May 25, 2008
Everyone - with or without a resume - is looking for this key: A professionally written resume, a sales presentation of their qualifications and experience that will get the job for them - the job they want. The job hunters are wound up in their own specialties and problems. They don't know how, and they don't have the time - AND they're willing to pay you to put it all together for them. Just as you're willing to pay a doctor, dentist or investment broker, those who need a resume are willing to pay you for this service. The market exists in every city and town in this country, and the demand for this service is growing daily. Your opportunity for success beyond your fondest dreams has never been greater! The brass ring is here! Grab it, and hold on!

You'll need a modern, professional quality typewriter. You can begin, and perhaps get by for a month or so, with a top quality portable, but do yourself and your business a favour: Arrange to rent, lease or buy on monthly payments if necessary, the best machine for the quality of work that will command top dollars for you.

Setting up and operating from your own home will be the most economical way to begin. In addition to your typewriter, you should have a typewriter stand, typist's chair, adjustable long-arm lamp, and a file cabinet. However, just as you can make do with a portable typewriter for a month or so, you can get by for starters with a kitchen chair at your dining room table.

To prepare yourself properly, invest in a good book on how to write 'job-winning' resumes. Select a book which discusses both the cover letter and the format of the body of the resume.

The most important part of any resume package is the cover letter the applicant sends as part of the resume. This letter states the specific job the applicant is applying for, explains why he believes he is qualified, and pointedly asks for an interview. In most cases, you'll be able to provide an "all-purpose form letter" which your client can adapt to any position that interests him. More will be covered later about actual writing of the resume and the cover letter.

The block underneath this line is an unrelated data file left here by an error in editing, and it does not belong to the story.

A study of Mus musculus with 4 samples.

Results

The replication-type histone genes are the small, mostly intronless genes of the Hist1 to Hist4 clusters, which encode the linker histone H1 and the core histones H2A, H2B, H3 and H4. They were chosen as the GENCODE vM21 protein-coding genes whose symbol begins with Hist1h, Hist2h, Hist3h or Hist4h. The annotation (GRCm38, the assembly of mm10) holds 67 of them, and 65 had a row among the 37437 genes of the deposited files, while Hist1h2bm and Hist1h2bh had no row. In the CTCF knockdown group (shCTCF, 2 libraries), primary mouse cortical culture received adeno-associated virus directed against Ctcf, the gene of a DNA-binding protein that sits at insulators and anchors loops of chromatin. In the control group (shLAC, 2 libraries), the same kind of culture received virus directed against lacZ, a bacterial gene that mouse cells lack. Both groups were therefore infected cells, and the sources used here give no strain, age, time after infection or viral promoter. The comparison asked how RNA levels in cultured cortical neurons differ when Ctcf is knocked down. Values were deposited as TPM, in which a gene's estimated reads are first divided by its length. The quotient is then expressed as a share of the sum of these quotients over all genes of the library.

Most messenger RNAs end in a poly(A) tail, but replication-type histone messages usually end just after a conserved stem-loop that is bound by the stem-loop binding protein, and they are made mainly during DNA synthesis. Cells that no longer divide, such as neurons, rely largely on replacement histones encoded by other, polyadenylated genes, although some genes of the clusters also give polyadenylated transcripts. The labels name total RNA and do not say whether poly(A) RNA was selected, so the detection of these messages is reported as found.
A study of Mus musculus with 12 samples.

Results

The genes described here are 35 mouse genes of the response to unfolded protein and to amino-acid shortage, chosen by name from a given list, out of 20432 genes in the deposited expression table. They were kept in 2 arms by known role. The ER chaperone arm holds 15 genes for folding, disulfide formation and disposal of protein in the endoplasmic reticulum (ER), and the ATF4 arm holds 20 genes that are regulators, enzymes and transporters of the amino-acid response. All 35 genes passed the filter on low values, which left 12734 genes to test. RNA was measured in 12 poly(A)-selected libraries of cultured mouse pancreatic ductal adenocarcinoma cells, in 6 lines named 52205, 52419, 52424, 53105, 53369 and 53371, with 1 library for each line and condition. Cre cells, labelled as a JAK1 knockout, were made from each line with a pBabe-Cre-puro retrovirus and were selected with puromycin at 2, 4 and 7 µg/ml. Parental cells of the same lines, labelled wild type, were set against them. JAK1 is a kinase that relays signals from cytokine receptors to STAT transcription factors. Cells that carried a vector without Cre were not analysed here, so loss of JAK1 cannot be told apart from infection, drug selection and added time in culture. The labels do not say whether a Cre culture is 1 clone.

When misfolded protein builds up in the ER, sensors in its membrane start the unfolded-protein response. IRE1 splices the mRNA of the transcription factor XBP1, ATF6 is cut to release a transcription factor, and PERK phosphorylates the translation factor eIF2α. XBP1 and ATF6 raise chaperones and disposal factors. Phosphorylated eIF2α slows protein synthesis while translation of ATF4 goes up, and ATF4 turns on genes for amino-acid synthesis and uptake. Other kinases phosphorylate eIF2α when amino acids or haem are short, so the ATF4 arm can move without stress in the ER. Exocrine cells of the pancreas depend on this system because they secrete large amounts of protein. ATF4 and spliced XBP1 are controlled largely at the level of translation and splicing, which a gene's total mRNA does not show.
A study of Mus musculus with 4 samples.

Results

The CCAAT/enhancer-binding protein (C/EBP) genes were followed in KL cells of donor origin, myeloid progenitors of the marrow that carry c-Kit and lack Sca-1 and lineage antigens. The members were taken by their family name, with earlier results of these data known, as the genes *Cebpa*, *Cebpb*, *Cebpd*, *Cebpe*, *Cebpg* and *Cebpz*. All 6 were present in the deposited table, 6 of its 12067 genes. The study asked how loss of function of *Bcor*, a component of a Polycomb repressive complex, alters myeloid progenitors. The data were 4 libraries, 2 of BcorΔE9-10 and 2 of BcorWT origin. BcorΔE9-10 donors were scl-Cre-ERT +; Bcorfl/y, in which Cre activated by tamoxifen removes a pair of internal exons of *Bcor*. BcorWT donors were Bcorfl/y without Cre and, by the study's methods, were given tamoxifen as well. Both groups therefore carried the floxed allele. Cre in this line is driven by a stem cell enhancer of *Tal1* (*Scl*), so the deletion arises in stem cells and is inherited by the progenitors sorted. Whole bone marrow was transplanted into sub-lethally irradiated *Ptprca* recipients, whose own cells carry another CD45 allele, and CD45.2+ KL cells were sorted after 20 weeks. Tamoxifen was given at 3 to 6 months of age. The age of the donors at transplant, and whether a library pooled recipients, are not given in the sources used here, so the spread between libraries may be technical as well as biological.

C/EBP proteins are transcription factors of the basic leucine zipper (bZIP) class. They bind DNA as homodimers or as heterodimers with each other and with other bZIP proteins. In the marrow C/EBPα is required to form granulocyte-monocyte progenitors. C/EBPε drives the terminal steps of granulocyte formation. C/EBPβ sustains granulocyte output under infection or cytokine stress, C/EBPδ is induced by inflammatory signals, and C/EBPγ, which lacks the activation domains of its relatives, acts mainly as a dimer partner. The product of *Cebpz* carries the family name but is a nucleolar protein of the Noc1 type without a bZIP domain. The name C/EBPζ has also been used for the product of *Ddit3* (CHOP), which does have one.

The format and style of the body of the resume are the items you want to learn from your book. Resumes of today generally follow this outline:

1. Name
2. Address
3. City, state, zip.
4. Phone Number
5. Type of job or position wanted
6. Goals and/or desires in life
7. Job history, starting with current or last job held
8. Special courses, education or training completed
9. Military History
10. Formal Education
11. Activities while attending school: athletics, offices, awards
12. Hobbies and special interests
13. Notation that names of business and personal references will be furnished on request.
14. Availability
15. Health

Once you're organized with space and equipment, you're ready for business. All that's necessary from this point on will be advertising, client interview, and producing the final product.

Your advertising needs, in comparison with many other businesses, need not cost you an exorbitant amount of money. It should, however, be consistent and eye-catching.

You should contact your area's most widely read newspaper and arrange to run a one-column by one inch ad every day for the next six to twelve months. By purchasing your ad space on a daily insertion basis, and over at least a six month period, your rate will be much lower than the rate charged for shorter contracts.

Your newspaper ad might read something like this:

A Complete, Professional Service
Midwest resumes service

Resumes - Letters - Portfolios
...that results in jobs!

Phone 123-4567

Aside from an ad in the newspaper, and perhaps a similar one in your area shoppers' papers, the only other advertising efforts you should worry about are those that don't cost money - free bulletin board announcements, radio and television talk show interviews, and low cost flyers, circulars or brochures that describe your services.

One method of gaining business exposure which is most often overlooked is the radio and television talk show interview. Call the broadcast stations in your area and get the names of the producers of these talk shows. Then write them a letter explaining your services, and how you believe an appearance on their program could be educational and beneficial to their audiences. Include a brochure with your letter. A couple of days after you're sure they've received your letter, give them a call on the phone, and ask them to consider an interview with you.
About the Author
Uchenna Ani-Okoye is an internet marketing advisor.